Criticism comes after report by Telegraph that thousands of Ethiopian migrants were locked up to stop spread of Covid-19
Thousands of people from Ethiopia have made the dangerous journey through Yemen into Saudi Arabia.
Thousands of people from Ethiopia have made dangerous journey through Yemen to Saudi Arabia (AFP/File photo)

The European Parliament condemned Saudi Arabia for holding tens of thousands of Ethiopian migrants in cramped detention camps where many are reportedly dying of heatstroke, disease, or by suicide. 

The European body said in a statement on Thursday that it "strongly condemns the ongoing ill-treatment of Ethiopian migrants and the violations of their human rights in Saudi Arabia, notably in detention centres".

The measure was voted through by a large majority, with 413 votes in favour and 49 against, and 233 abstentions.


"The Saudi side must also ensure that every person entering the country from neighbouring war-torn Yemen is allowed to do so safely and is transferred to an appropriate reception centre that meets international standards."

The EU's condemnation comes after an investigation by the Telegraph found that thousands of Ethiopian migrants, including men, women, and children, had been locked up in detention centres to stop the spread of the coronavirus.

Using a smuggled-in mobile phone, footage showed hundreds of Ethiopian men suffering from dehydration, heatstroke and starvation, according to the newspaper.

Meanwhile, photos showed migrants with scars and visible signs of beatings. One person told the Telegraph that they had been "left to die".

'Immediately end torture'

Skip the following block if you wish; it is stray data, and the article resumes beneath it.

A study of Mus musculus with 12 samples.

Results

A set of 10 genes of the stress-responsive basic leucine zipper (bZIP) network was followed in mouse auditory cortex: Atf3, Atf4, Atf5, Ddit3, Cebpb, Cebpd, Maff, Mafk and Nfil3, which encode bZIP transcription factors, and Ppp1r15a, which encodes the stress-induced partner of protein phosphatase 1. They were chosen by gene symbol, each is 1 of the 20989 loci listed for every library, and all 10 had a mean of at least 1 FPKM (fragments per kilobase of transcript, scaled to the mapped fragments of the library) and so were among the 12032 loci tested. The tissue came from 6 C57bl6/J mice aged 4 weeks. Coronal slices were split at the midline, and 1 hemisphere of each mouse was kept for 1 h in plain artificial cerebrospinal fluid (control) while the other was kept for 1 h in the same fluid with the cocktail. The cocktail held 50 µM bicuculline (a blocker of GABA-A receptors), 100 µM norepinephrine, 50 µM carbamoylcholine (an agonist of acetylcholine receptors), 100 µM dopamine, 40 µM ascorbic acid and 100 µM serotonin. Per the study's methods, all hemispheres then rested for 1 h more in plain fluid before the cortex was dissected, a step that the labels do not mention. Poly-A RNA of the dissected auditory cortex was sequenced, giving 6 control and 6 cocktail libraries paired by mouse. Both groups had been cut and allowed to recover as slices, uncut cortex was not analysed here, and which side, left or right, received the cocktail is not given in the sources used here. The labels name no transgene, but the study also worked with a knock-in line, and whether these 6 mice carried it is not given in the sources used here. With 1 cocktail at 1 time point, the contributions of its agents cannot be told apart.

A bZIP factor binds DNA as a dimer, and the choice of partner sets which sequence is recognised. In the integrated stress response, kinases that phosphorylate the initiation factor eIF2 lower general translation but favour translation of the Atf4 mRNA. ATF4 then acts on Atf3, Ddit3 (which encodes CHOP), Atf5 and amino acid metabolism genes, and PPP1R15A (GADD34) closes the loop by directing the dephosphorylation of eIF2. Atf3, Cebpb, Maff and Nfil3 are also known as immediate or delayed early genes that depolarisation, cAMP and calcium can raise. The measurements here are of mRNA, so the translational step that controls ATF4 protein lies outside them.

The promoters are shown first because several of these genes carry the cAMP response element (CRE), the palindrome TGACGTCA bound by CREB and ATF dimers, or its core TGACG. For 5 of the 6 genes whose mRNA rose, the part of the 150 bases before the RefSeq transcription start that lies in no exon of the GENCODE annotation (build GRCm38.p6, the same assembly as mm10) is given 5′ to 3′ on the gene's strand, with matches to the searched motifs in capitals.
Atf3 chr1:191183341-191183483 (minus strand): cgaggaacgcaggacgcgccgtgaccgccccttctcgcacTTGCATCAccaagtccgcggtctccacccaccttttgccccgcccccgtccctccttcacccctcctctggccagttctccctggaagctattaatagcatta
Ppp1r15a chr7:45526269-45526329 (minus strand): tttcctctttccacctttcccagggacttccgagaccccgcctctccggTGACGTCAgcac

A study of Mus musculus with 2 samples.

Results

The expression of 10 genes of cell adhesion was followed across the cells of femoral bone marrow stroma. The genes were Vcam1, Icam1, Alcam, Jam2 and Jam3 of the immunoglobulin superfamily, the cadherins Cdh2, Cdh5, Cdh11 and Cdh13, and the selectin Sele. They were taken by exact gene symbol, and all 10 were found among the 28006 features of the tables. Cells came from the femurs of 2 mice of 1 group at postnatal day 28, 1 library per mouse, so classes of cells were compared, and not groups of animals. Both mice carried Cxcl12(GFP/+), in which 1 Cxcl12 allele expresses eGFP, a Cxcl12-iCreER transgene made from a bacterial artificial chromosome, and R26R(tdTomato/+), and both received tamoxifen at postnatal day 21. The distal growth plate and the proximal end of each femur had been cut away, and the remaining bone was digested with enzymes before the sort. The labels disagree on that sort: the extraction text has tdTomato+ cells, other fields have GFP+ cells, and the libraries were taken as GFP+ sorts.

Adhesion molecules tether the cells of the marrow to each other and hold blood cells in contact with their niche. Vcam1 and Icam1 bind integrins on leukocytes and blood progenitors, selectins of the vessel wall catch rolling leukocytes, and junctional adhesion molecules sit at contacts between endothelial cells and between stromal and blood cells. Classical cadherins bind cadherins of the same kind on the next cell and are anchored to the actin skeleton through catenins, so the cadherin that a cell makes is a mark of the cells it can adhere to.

Hundreds of thousands of people from across Ethiopia and the Horn of Africa make the perilous journey through Yemen into Saudi Arabia with the hope of finding employment as either domestic helpers, construction workers or animal herders.

While Saudi Arabia has promised to launch an investigation into allegations of abuse, Ethiopian authorities have warned migrants of legal repercussions if they continue to raise awareness about their conditions.

Still, Thursday's announcement delivers a massive blow to the international standing of the kingdom, and comes a few weeks after the European legislature urged European Union member states to impose an arms embargo on Riyadh over the killing of Saudi journalist Jamal Khashoggi and the country's war in Yemen.

Last week, a report by the rights group Amnesty International said that detainees had been subject to electric shock torture and that pregnant women were also being kept in woeful conditions.

Amnesty reported it had heard about the deaths of three adults, and detainees said they knew of children who had also died.

The resolution, as seen by the British newspaper, calls on Saudi Arabia to "immediately end torture and other ill treatment" of tens of thousands of Ethiopian men, women and children who have been stuck in detention facilities there for months on end. 

It also calls for the immediate release of the migrants and demands an "independent and impartial investigation" into the reports of torture and deaths in the detention centres.